U.S. EPA Administrator Scott Pruitt, who spent much of his pre-EPA career suing the agency he now leads, has made no secret of his skepticism about the well-established role human activities play in recent global warming. His latest move would challenge scientific consensus on climate change through a “red team-blue team” exercise designed for crafting defense and intelligence strategies. The process of opposing red and blue teams — the consensus on one side with an equal number of opponents on the other — that Pruitt endorsed again last week might work well to encourage new ideas and test the strength of existing ideas. Indeed, it has been used by major companies in internal strategic exercises, but it is entirely inappropriate for science. It has no place in determining the science of a changing climate.

Scientific understanding, unlike proposals for what to do about a given problem, is well established through the scientific method.

Peer Review Works

In calling for the “red team-blue team” exercise, Pruitt stated, “What the American people deserve, I think, is a true, legitimate, peer-reviewed, objective, transparent discussion about CO2 [carbon dioxide].”

That’s right: even Pruitt acknowledged the importance of peer-reviewed science. To be accepted into a scholarly peer-reviewed journal, scientific papers, which form the basis of the scientific consensus, are independently reviewed and commented on by a range of experts in the same field. This is an essential part of ensuring the quality of published research. It subjects research findings and methods to others in the field for question, and papers are either rejected, edited or accepted. Many journals also allow other scientists to publish critical comments on published studies, and some journals also have an open peer review process where the public may be able to view review comments and authors’ replies or even comment themselves.

If skeptics want their voices heard in scientific discourse, they should try to get their findings published in the peer-reviewed literature. They would then be assessed on their merits through peer review. Indeed a small handful of papers have made it through the peer-review process to be published in the scholarly literature.

Giving Too Much Weight to a Skeptical Minority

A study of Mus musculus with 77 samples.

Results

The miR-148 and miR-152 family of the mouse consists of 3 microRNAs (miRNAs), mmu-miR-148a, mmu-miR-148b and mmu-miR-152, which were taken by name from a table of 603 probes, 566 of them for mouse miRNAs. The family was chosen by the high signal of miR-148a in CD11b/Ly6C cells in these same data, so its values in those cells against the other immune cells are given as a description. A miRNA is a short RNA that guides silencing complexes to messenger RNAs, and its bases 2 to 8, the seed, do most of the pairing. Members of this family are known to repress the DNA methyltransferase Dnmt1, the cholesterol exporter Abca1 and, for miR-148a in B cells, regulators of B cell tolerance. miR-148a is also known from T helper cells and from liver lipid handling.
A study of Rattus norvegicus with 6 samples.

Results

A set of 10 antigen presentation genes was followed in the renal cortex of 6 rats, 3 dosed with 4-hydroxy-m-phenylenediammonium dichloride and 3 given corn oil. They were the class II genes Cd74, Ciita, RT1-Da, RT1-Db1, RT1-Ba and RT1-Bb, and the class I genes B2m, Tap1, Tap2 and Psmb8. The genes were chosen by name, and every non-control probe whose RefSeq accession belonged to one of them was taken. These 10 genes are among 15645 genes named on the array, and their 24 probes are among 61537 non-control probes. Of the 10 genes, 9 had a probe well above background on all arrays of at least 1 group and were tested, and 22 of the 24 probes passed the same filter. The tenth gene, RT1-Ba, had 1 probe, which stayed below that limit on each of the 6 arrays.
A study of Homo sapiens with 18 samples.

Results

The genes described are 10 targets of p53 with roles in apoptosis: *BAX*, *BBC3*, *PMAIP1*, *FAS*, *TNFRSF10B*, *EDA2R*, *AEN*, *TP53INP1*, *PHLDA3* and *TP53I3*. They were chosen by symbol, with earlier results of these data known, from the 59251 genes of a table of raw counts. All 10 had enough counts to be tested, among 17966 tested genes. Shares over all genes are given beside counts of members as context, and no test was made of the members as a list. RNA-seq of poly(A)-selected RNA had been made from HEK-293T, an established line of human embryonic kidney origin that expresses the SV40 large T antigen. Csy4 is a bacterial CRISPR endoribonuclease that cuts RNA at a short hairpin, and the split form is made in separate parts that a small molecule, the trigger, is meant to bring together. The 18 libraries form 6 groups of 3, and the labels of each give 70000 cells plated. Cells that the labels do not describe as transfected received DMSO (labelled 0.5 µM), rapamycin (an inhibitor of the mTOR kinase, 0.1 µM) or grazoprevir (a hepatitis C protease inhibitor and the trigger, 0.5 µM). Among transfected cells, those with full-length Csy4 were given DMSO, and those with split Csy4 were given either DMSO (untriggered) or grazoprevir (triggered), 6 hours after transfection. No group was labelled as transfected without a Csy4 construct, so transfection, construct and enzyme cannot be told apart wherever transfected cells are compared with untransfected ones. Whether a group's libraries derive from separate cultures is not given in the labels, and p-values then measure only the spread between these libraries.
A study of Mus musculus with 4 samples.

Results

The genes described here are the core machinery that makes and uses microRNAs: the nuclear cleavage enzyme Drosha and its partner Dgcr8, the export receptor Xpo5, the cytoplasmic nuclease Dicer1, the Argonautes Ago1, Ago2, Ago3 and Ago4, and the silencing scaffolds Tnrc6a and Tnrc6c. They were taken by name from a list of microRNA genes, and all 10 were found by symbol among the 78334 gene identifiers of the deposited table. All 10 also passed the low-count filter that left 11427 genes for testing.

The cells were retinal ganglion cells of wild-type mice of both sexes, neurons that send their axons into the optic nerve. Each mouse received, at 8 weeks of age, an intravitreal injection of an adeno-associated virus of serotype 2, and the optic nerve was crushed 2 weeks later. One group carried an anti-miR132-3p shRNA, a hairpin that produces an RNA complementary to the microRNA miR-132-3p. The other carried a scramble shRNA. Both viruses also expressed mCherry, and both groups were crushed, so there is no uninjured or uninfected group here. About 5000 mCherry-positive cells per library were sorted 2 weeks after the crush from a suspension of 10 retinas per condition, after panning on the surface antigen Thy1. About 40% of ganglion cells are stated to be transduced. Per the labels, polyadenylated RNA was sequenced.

The overwhelming majority — 97 percent — of peer-reviewed papers in the literature support the consensus view that human activities have contributed to the majority of recent warming. Because a “vanishingly small proportion” of published research rejects the scientific consensus, giving equal, 50-50 weight to both the red and blue teams in the exercise would mislead the public into thinking there is a debate when there isn’t one. And the Trump administration is likely to stack the red team with fossil fuel industry interests, as it has done with its cabinet positions.

In addition to the published literature, comprehensive assessments on the state of climate science note the significant role that human activities have played in recent climate change and have underscored the urgency to act. The Intergovernmental Panel on Climate Change (IPCC) Assessment Reports, with over 830 experts from around the world involved in its writing, confirms this. And the IPCC is not alone: in 2009, a joint statement was made by more than a dozen major national scientific academies stated that “the need for urgent action to address climate change is now indisputable.” The United States’ very own National Climate Assessment, produced by more than 300 experts with review of federal agencies, a panel of the National Academy of Sciences and the public, found that recent warming is “primarily due to human activities.”

No Need to Re-invent the Wheel

A review of climate science from the ground up is like re-inventing the wheel. There is little point to debate over something that has been confirmed and repeatedly reconfirmed.

If the Trump administration wants to advance scientific understanding, how about boosting — or at the very least, not slashing — the budget for climate science research? Across the board the administration is rolling back progress and has proposed significant budget cuts to climate science and technology research, such as to climate research at EPA and its Office of Research and Development; NOAA’s satellite division; the Advanced Research Projects Agency (ARPA-E), which funds research in energy technology development; and NASA Earth science missions, among others.

The time for debate on the reality of human-caused climate change is at an end. The Trump administration needs to realize this unless it wants to keep the United States mired in the past, unprepared for a lower-carbon future.